Joy Y. Wang covers food and culture for WNYC. In October 2009, she created the weekly WNYC All Things Considered segment, Last Chance Foods. The seasonal food segment features farmers, chefs, and food writers talking about everything from growing asparagus to hunting wild turkey.
Joy also currently serves as the managing editor of Columbia Law School Magazine. She previously worked as the senior editor of AVENUE magazine, one New York City’s oldest and most distinguished society publications. She has also written articles for The Wall Street Journal, Lucky Peach, The New York Times, Newsweek, and Edible Brooklyn, among other publications.
Joy graduated from New York University with majors in journalism and politics.
Violas aren't just musical instruments. They're edible flowers that can fancy up your spring salads and, in ice cube form, help convince your kids to stay hydrated. Annie Novak from the New York Botanical Garden has the details on why and how.
Baker Austin Hall explains how to combine flour and water to make a little community of yeast and bacteria, also known as sourdough starter or levain. Get 'em going, and they'll help raise and flavor your bread.
As a cross between a cabbage and a turnip, the rutabaga is an underdog vegetable easily overlooked. Concuco Farm's Hector Tejada helped shine the spotlight on rutabagas with advice on how to store and prepare them.
They may be processed and packaged, but Mallomars are also seasonal. Find out why, and hear about Wall Street Journal columnist Ralph Gardner Jr.'s quest to find the freshest specimen.
Before ramps jump in and steal the seasonal spotlight, Dirt Candy chef Amanda Cohen talks about how to make onions the star of the show — even in desserts. Try her recipe for grilled onion salad with fermented black bean dressing.
Cooking live lobster can be squirm-inducing culinary task. But if you're determined to do so, Red Hook Lobster Pound's Susan Povich has some advice.
By the time not-from-concentrate orange juice reaches grocery store shelves, it's had the oxygen stripped from it and "flavor packs" added back in. Even the amount of vitamin C listed on the container isn't quite accurate.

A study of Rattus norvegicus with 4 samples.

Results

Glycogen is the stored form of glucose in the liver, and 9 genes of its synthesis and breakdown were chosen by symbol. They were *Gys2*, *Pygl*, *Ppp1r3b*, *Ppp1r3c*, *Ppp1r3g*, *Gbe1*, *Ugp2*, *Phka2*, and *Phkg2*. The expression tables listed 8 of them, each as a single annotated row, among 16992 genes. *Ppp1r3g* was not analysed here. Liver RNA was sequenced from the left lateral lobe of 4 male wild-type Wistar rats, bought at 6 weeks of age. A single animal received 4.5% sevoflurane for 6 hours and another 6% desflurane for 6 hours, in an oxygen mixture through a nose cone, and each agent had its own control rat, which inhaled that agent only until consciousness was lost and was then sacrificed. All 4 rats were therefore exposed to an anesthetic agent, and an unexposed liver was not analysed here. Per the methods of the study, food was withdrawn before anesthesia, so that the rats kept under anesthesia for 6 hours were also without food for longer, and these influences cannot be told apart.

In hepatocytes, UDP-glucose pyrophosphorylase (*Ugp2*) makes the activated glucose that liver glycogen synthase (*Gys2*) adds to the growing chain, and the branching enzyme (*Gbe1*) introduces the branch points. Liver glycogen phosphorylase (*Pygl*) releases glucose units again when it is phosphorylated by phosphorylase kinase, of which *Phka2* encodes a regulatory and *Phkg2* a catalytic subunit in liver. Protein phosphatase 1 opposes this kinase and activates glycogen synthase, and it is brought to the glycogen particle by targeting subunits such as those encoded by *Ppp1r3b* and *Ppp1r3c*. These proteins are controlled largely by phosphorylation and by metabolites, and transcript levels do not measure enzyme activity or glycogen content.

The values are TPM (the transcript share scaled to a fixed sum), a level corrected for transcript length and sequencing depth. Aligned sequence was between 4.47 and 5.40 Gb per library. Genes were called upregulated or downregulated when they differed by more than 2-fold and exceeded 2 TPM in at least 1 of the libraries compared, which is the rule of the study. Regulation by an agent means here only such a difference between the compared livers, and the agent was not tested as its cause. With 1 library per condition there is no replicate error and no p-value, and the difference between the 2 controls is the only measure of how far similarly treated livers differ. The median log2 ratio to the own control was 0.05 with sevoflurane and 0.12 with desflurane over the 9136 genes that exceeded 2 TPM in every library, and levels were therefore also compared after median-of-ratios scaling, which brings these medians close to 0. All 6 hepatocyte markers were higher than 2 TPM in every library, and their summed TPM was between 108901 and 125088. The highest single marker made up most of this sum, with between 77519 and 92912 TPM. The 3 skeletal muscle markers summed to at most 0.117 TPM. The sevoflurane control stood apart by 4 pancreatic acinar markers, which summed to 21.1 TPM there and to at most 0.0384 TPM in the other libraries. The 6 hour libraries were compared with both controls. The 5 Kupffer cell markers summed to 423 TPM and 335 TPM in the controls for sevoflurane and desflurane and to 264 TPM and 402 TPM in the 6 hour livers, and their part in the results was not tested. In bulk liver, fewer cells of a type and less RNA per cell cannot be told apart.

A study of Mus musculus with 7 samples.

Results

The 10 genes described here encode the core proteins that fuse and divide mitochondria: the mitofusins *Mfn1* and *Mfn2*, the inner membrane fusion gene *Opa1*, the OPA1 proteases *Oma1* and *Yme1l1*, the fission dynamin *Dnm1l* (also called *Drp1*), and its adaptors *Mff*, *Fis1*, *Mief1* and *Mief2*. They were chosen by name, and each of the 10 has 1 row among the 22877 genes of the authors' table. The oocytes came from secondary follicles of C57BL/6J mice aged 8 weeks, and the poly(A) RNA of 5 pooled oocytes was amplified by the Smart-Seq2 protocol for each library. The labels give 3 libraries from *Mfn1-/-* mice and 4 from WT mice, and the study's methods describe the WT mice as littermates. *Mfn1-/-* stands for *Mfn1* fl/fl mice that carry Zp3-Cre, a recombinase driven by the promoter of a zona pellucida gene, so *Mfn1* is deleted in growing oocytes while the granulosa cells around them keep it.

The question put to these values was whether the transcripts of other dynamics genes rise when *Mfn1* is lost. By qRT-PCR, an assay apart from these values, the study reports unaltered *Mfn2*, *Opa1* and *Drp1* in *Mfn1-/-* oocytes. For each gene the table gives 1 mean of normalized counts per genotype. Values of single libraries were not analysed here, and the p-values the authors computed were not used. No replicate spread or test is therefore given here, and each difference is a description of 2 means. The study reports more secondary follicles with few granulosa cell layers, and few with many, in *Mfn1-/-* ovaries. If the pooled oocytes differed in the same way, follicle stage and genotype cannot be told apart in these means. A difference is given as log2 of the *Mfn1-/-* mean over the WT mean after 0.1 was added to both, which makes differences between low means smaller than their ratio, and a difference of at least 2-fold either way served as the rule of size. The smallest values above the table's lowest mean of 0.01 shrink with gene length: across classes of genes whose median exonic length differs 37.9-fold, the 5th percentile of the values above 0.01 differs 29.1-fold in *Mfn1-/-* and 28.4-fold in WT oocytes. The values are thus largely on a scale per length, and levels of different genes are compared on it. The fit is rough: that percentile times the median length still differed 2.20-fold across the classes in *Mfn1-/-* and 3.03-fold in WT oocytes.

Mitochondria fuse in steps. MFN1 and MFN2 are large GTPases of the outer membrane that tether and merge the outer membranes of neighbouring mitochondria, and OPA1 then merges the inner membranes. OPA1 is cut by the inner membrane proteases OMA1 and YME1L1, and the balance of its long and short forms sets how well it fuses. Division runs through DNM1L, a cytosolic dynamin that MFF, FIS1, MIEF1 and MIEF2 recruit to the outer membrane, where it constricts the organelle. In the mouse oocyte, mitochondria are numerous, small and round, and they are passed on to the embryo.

Is it really worse than table sugar? You'd be surprised, says author Michael Moss, who answers that question and discusses the ongoing battle between the sugar and corn industries.
You may know millet as those yellow grains in bird food, but it's delicious people food, too. Food writer Mark Scarbrough talked about the gluten-free grain and shared a recipe for Millet Burgers with Olives, Sun-Dried Tomatoes, and Pecorino.
Last Chance Foods visited Cacao Prieto in Red Hook, Brooklyn, to find out about the strange science behind chocolate, how it's fermented, and why it's not a bean.
Restaurateur Lidia Bastianich explains what you need to know about Italian olive oil. Also, try her recipe for olive oil and rosemary spaghettini.
Are you a hot sauce aficionado or do you think it's just a tongue-burning torture device? Dan Pashman, the host of The Sporkful podcast, talks about balancing flavor with fire and how to use hot sauce to improve your Super Bowl snacks. Also, try an award-winning recipe for buffalo wings from the director of The Great Chicken Wing Hunt.
Legend is that geese saved ancient Rome from Gallic invaders. These days, goose is also a comparatively sustainable, responsible choice for meat eaters, too. Hank Shaw explained why and shared his recipe for Pan-Seared Goose Breast With Orange and Ouzo.
Pair it with sweet or savory, use it in tea or bake with it, ginger is a time-tested and hugely versatile ingredient. Bruce Cost, the founder of Bruce Cost Ginger Ale, talked about the history of the root. Try his recipe for hot and sour Napa cabbage with fresh chilies and ginger.
Squid is "hardy, it’s economical, it’s versatile, it’s sustainable. It’s what all good eaters... should be seeking out," said Edible East End editor Brian Halweil. Get all the details and recipes for calamari from Gramercy Tavern and Almond.
Here are a few suggestions on ingredients to keep in your pantry so that you can whip up a meal on a snow day or after a late night at the office. Edible Brooklyn editor Gabrielle Langholtz told us what you'll always find in her cabinets.
Christmas is over and the presents are put away, but for many of us, the holiday season isn’t quite finished yet. There’s still New Year’s and a spate of winter parties to attend. If you happen to be hosting a celebration, we’ve got a time-tested, easy mid-winter fix for your bar: Hot, mulled, alcoholic drinks.
With Christmas less than a week away, these beautiful tomes come in handy as last minute gifts. Here are our picks for some of our favorite cookbooks of the year. We even snagged a few recipes from them for your cooking pleasure.
Chef Ivan Orkin talks how, as a Jewish guy from Long Island, he became famous for making ramen and hints at when his Lower East Side restaurant will open. He also shares his recipe for toasted rye noodles.
Bill Bratton, New York's original tough-on-crime cop, will once again take the helm of the NYPD. WNYC was there throughout Bratton's tenure, and today we dug into our archives to hear first hand from the once-and-future commissioner, on everything from working with Muslim communities after 9/11 to how having "a big ego" can be a helpful quality at times.